Clinical and Economic Outcomes Associated with Low-Dose Fluticasone Propionate Versus Montelukast in Children with Asthma Aged 4 to 11 Years
Richard H Stanford*, 1, Manan Shah 2, Sham L Chaudhari 2
1 GlaxoSmithKline, Research Triangle Park, North Carolina, USA
2 Xcenda, Palm Harbor, Florida, USA
Inhaled corticosteroids (ICS) are preferred first-line controller agents for adults and adolescents with asthma. There is limited effectiveness data comparing ICS to leukotriene receptor antagonists (LTRA) in children with asthma aged 4 to 11 years.
A retrospective, matched cohort study was conducted using medical and pharmacy claims data. Asthma patients (ICD-9, 493.xx) naïve to any asthma controller therapy, and having ≥1 dispensing of fluticasone propionate 44 mcg (FP44), an ICS, or montelukast any dose (MON), an LTRA, were identified. Drug cohorts were matched (1:2) using propensity scores. Outcomes during follow-up included asthma-related ED visits, composite measure of asthma-related ED/hospital visit, asthma-related costs per month, and monthly rescue medication use. Statistical differences between cohorts were evaluated using multivariate regression models.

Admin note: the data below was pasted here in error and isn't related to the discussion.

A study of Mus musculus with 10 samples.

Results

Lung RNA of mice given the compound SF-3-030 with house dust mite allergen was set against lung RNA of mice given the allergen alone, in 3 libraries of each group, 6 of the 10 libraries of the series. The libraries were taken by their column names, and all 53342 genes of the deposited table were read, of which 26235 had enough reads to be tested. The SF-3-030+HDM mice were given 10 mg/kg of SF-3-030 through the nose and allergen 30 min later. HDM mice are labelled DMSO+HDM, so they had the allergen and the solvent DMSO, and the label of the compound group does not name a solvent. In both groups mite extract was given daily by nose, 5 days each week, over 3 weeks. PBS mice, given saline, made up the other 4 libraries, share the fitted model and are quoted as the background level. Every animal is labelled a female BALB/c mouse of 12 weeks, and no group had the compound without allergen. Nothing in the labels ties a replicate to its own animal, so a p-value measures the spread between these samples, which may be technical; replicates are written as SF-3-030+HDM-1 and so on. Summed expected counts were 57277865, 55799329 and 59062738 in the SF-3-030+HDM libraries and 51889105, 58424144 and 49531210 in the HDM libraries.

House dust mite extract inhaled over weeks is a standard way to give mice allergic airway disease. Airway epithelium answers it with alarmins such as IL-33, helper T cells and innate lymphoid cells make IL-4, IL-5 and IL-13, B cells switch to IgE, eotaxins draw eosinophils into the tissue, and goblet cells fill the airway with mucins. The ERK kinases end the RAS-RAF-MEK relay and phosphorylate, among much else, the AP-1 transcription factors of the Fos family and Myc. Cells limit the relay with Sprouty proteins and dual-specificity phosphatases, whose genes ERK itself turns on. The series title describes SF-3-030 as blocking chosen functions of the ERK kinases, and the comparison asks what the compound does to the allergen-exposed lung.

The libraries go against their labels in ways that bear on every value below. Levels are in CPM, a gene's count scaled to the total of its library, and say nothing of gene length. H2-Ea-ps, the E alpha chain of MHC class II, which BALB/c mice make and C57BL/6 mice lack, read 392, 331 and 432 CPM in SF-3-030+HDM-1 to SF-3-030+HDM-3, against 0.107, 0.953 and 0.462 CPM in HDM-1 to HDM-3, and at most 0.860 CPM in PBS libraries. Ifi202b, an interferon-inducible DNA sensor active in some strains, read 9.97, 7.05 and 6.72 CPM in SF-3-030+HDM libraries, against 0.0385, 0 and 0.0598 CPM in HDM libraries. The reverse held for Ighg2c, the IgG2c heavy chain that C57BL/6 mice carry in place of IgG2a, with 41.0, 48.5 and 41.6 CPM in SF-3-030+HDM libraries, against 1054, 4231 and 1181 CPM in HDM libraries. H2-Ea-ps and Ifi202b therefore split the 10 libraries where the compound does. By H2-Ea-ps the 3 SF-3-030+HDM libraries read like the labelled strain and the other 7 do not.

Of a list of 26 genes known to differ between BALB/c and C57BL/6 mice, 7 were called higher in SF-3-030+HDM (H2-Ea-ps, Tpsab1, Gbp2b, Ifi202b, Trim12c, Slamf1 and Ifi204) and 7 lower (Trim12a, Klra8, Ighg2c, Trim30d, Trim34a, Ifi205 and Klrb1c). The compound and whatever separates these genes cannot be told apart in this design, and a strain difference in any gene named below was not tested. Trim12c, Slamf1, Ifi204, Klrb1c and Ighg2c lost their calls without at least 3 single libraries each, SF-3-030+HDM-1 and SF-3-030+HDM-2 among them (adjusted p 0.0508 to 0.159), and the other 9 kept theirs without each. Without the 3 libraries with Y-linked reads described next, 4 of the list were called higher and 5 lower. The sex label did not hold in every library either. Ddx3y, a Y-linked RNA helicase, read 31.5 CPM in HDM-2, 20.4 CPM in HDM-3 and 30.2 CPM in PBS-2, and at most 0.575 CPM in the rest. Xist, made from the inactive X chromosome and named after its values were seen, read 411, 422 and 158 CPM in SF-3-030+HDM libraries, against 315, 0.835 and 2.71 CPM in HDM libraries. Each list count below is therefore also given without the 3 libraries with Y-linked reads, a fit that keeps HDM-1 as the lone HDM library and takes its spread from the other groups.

The final matched sample included 6,636 patients (FP44=2,212; MON=4,424). During follow-up, the FP44 cohort had a 29% significantly lower risk of an asthma-related ED visit (Hazard ratio (95% CI) =0.71 (0.52, 0.96)) compared to the MON cohort. Monthly asthma-related costs were significantly reduced on average by 36% in the FP44 compared to the MON cohort ($48 vs $75, p<0.05). Use of short-acting beta-agonists per month were similar between cohorts but monthly adjusted number of oral corticosteroid prescriptions were significantly lower in the FP44 compared to the MON cohort (0.03 vs 0.04, p<0.001).
Initiation of FP44 versus MON in children with asthma aged 4 to 11 years is associated with a significant reduction in asthma-related ED visits, costs, and oral corticosteroid use.